Celebrities do have an impact on important world issues, modern data approaches prove.

The Washington Post reports that when Charlie Sheen confessed that he was HIV-positive, a research team found that media attention to the virus — which had been sorely lacking for a long time — suddenly increased by leaps and bounds.

The same now holds true for Leonardo DiCaprio, whose Oscar acceptance speech this year focused on climate change and the need for action. According to researchers, tweets and Google searches on the topic spiked enormously, and in the case of tweets, seemingly set a new record based on data analyses from 2011 to the present.

John Ayers of San Diego State University conducted the research with colleagues from the Santa Fe Institute, the University of California San Diego, and other institutions.

DiCaprio, winning Best Actor for The Revenant on February 28, was able to link the movie to climate change. He said,

Climate change is real, it is happening right now, it is the most urgent threat facing our entire species, and we need to work collectively together and stop procrastinating.

The multi-awarded actor urged people to support world leaders, think about those who are unable to speak out, and consider the future.

At the time of DiCaprio’s speech, 34.5 million people were tuned in to the Oscars.

Ayers and the team used a mixture of media coverage searches using the Bloomberg Terminal, Twitter content searches, and Google trends search data to analyze what happened after the speech. They also examined the public attention to DiCaprio’s words compared to past responses on climate change at significant moments, including the Paris climate talks and Earth Day 2015.

In addition, the researchers used a modeling approach to figure out how much media coverage and social media interaction would have happened if DiCaprio had not made a stand. In short, what a more “normal” level of response would be.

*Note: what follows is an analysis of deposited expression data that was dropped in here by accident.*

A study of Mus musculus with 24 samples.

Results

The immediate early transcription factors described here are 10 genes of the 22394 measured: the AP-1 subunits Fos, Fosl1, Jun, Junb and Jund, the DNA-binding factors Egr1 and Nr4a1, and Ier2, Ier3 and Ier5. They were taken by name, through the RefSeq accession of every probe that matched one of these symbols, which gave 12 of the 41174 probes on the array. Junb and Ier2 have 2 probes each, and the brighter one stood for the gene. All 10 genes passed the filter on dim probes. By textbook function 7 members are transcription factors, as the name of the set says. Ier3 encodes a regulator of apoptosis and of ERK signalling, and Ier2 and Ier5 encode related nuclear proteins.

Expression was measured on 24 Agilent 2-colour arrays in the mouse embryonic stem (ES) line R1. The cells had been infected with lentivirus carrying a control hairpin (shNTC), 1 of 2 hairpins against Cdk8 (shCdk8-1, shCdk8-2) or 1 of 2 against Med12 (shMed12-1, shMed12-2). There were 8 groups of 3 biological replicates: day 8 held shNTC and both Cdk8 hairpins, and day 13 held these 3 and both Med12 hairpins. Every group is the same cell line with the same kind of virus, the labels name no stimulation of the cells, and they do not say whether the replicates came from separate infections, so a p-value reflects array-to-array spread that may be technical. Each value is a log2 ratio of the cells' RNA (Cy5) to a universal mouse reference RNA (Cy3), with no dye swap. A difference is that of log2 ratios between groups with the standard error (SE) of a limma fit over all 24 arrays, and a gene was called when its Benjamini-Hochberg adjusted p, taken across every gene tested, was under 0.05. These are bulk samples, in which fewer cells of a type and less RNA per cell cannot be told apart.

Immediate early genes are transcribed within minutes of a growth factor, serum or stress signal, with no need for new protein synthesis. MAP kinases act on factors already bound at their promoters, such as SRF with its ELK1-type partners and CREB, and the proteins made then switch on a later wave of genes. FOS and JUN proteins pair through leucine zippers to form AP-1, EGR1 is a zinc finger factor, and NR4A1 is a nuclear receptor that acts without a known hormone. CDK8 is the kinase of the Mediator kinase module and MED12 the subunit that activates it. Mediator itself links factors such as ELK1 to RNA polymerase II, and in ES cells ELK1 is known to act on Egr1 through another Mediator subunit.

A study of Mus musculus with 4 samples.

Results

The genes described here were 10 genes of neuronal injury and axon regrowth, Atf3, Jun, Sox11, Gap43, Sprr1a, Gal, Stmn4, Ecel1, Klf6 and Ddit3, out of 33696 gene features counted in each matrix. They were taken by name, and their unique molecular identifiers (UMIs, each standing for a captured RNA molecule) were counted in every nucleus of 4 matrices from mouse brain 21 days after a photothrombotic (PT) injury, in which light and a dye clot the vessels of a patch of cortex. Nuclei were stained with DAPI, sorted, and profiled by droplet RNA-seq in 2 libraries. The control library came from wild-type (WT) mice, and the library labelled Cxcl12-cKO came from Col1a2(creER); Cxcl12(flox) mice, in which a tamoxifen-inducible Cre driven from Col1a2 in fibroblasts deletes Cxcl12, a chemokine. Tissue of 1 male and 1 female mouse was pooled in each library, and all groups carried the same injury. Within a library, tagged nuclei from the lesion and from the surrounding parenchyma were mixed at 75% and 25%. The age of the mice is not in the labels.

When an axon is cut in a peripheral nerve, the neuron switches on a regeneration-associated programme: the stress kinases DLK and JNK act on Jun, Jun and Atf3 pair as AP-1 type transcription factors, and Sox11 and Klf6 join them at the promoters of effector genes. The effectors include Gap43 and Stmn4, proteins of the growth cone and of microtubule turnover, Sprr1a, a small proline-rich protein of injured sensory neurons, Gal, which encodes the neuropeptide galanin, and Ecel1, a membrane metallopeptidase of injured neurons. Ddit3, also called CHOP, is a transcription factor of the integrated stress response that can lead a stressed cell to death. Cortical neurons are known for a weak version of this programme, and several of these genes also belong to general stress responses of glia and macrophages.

The team found that while there was little to no news media attention on DiCaprio, the social media and search response was overwhelming: tweets on climate change or global warming jumped 636% higher than average on the day of the Oscar speech. The total number of tweets mentioning “climate change” or “global warming” was the highest recorded in the database at over 250,000 tweets, the researchers noted.

With regards to Google searches, the numbers went so high that it became the “third-highest point ever recorded for climate change or global warming on Google trends.”

Ayers says the significance of these findings is that celebrities speaking out makes a difference, even when it does not get as much coverage in more traditional outlets. He says that the methods in the study can be used to potentially set advocacy and engagement campaigns at certain times, so that the impact is maximized, such as what DiCaprio did.

These results also mean that when it comes to getting the general public to listen to things like climate change, it shouldn’t just be scientists, experts and policy makers talking. The study concludes that “The scientific community must adapt to the 21st century dynamic communication landscape and ready itself for the next opportunity to harness the agents of change.”

The study was published in PLOS One.